Aren’t Birthday Parties Fun?

By Sandra McHugh

Aren’t birthday parties fun? I was thinking this recently when we celebrated my daughter’s 30th birthday at the Auberge Saint-Gabriel in Montreal. I was also thinking how a birthdate is such an important indicator in genealogy research.

A birthdate and a place of birth places a family member in a period of time and in a location that can tell us a lot about the social context in which the person lived. Buildings and their uses can also tell us a lot about a place.

The Auberge Saint-Gabriel in Montreal is one of the oldest buildings in the city.  It was built by Etienne Truteau, a French soldier in 1688. 1 In 1754, it was the first inn in North America to be issued a liquor license. 2 Over the centuries it has had many vocations, including the Beauchemin printing press operation founded in 1860 and that printed the newspaper Le Patriote.3

And who doesn’t love a good ghost? It is said that the Auberge Saint-Gabriel is haunted by a little girl who lost her life when a fire raged through the ground floor, trapping her and her grandfather upstairs while her grandfather was teaching her to play the piano.4

Today, the Auberge Saint Gabriel is a trendy restaurant and reception centre right in the middle of Old Montreal. If you go inside, you can see that the owners continue to maintain the building as much as they can in the style that it was built. You can appreciate the thick brick walls, stained glass windows, and the many antiques that grace its rooms. If you like, you can go down to the basement to visit the place where there was a fur trading post. Today, this fur trading post is a speakeasy, called The Velvet.5

I am quite confident that almost all of my ancestors who lived in Montreal would have at least walked by or had business in or around the Auberge Saint Gabriel.  And who knows? Maybe our descendants would be pleased to know that we dropped off our car at the door of the Auberge Saint Gabriel for a fun-filled night at the speakeasy.

What buildings are important to your family’s history?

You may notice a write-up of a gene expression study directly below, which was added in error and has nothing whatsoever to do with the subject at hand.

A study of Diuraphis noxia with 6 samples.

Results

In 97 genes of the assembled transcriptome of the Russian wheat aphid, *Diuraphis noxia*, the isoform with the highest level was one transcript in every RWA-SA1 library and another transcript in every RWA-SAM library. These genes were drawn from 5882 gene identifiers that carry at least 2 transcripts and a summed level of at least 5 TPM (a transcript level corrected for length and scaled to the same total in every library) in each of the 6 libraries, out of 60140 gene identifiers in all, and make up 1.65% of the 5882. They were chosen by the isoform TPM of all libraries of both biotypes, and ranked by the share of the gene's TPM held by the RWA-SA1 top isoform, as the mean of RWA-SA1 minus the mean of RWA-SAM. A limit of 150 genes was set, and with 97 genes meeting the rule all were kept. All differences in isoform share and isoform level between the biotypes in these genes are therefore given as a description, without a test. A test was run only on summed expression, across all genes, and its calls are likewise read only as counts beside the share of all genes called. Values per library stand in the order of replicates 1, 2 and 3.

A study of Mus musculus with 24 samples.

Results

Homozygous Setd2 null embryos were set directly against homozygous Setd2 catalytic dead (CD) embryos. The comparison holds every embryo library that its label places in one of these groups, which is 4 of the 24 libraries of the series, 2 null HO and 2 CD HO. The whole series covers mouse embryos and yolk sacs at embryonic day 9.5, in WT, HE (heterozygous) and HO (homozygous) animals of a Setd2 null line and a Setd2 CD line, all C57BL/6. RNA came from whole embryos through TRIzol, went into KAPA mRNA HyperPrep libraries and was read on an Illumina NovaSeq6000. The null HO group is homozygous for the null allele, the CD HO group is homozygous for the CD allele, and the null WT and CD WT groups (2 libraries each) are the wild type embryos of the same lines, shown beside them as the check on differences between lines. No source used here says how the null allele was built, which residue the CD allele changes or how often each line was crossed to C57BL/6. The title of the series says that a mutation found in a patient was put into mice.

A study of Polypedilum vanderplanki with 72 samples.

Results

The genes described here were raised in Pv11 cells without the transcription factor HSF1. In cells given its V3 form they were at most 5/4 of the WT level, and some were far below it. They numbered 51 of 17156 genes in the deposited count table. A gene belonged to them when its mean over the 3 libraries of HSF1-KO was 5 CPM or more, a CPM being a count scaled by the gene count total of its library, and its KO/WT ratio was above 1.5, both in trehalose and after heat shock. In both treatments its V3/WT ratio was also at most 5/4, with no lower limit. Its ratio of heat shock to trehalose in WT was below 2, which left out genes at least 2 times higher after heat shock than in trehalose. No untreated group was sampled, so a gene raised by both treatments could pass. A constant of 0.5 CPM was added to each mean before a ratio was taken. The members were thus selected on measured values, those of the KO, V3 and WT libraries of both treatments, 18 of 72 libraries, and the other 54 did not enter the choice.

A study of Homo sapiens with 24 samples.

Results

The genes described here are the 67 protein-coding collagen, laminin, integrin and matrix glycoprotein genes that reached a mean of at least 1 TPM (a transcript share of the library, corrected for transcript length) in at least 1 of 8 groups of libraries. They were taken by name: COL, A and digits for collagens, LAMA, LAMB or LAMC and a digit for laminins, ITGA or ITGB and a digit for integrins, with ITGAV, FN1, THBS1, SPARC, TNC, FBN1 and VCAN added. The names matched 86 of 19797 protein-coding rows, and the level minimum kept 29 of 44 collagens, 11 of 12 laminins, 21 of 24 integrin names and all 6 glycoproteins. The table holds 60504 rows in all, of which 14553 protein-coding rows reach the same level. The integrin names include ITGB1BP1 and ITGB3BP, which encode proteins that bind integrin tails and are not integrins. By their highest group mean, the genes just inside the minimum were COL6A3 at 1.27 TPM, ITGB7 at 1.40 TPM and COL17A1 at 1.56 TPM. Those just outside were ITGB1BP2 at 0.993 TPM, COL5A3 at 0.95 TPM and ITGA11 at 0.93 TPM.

1. L’Auberge Saint-Gabriel web site. <http://aubergesaint-gabriel.com/historique/>, accessed June 12, 2017.
  2. Wikipedia article on Auberge Saint-Gabriel. <https://en.wikipedia.org/wiki/Auberge_Le_Saint-Gabriel>, accessed June 12, 2017.
  3. Wikipedia article on Auberge Saint-Gabriel, accessed June 12, 2017.
  4. Benoit Franquebalme, “Garou : Propriétaire d’une auberge hantée !”, France Dimanche, January 1, 2016, <http://www.francedimanche.fr/infos-people/musique/garou-proprietaire-dune-auberge-hantee/>, accessed June 12, 2017.
  5. L’Auberge Saint-Gabriel web site, accessed June 12, 2017.

 

Posted on June 14, 2017, in Genealogy, New France, Quebec, Social history and tagged . Bookmark the permalink. 6 Comments.

  1. Sandra McHugh

    What a cool ancestor you have! On the Auberge Saint-Gabriel web site under “About Us” and “History” it explains that it was built by a French soldier. In the article on Garou, Garou being one of the current owners, (see reference number 4 below the story), Garou names the soldier as Etienne Truteau and says that he fought the Iroquois – just like your Etienne. I reread the history section on the Auberge Saint-Gabriel web site and they mention Ludger Truteau who owned the inn in 1914. Is Ludger also an ancestor?

  2. Sandra McHugh

    I can’t find any proof that he is, but it is highly likely. Etienne who married Adrienne was the only one of the six Truteau boys who came to New France. When the Auberge was built, this Etienne would have been 29 and was a carpenter by trade. He was also living in Ville Marie at the time. And he fought the Iroquois, which would have made him a solder. So many coincidences, but no proof as yet.

  3. Is this the same Etienne Truteau/Trudeau who married Adrienne Barbier?